Principal Investigator: David J. Kwiatkowski
Perivascular epithelioid cell tumor (PEComa) and leiomyosarcoma (LMS) are two rare cancers that can affect multiple organs. These two types of cancers can be challenging to distinguish because they can look the same down the microscope in a subset of cases. In this study, we aimed to better understand these tumors at the epigenetic level. Epigenetics is the study of how genes are expressed in different types of cells. For example, in cancer cells, genes involved in cell growth are inappropriately over-expressed. Little is known regarding the epigenetic changes unique to PEComa and LMS. We applied cutting-edge sequencing approaches to study the epigenetics and gene expression patterns of PEComa and LMS. We discovered that although these tumors show many similarities, they also have distinct features. We discovered a set of genes whose expression was largely specific for each tumor type. These gene markers may serve as useful clinical tools for the distinction of these two overlapping tumor types. Our analyses will help to facilitate diagnosis and provide a deeper understanding of PEComa and LMS development.
Background: Perivascular epithelioid cell tumor (PEComa) and leiomyosarcoma (LMS) are two sarcomas with overlapping morphologic and immunophenotypic features which can make diagnosis challenging.
Aim: Characterize the transcriptional and epigenetic features of these two sarcomas to identify distinguishing features.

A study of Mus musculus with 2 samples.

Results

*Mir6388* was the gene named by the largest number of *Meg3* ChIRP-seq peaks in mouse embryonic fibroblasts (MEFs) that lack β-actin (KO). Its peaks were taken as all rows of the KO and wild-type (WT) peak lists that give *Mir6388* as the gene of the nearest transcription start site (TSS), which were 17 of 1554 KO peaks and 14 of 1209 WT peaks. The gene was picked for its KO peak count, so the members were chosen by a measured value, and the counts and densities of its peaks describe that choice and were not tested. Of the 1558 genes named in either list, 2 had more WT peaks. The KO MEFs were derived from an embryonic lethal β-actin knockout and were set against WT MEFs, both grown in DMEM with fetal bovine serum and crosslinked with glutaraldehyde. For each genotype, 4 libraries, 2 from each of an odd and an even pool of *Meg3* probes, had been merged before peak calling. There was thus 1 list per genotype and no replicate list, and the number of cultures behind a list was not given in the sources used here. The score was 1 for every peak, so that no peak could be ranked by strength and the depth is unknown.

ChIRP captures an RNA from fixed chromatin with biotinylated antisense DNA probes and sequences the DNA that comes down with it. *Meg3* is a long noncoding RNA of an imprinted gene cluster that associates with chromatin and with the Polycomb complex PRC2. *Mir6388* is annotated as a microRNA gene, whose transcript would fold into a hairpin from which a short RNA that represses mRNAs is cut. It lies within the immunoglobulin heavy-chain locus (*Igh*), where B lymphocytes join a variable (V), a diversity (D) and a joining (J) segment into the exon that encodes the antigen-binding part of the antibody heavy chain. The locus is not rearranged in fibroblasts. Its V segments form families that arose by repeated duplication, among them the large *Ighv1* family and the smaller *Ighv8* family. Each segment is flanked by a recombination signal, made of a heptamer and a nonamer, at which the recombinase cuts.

Methods: We performed RNA-seq on 19 PEComas and compared to 259 TCGA sarcomas including 104 LMS. H3K27ac ChIP-seq was conducted on 9 PEComas and 12 LMS, and compared to 4 other sarcoma subtypes publicly available.
Results: RNA-Seq and H3K27ac ChIP-Seq data showed major similarity between PEComa and LMS, which were distinct from other sarcomas. However, there were a set of highly expressed and H3K27ac marked genes that were highly different (>17x fold higher expression by DESeq2 (FDR<0.0001)) between PEComa and LMS: DAPL1; MLANA; SULT1C2; GPR143, and CHI3L1 for PEComa; and MYOCD; WDFC2; DES; MYH11, and CNN1 for LMS. GSEA analysis demonstrated greatest enrichment in the KEGG Lysosome pathway in PEComa, and in Myogenesis-Smooth Muscle Contraction in LMS. PEComas showed a higher degree of immune infiltration (specifically, macrophages) compared to LMS. Selected genes (N=11) were validated by immunohistochemistry in PEComa and LMS (N=26).
Conclusions: Our studies revealed novel markers including lysosomal/melanocytic and myogenic genes for PEComa and LMS, respectively, that may be useful to distinguish these two pathologic entities.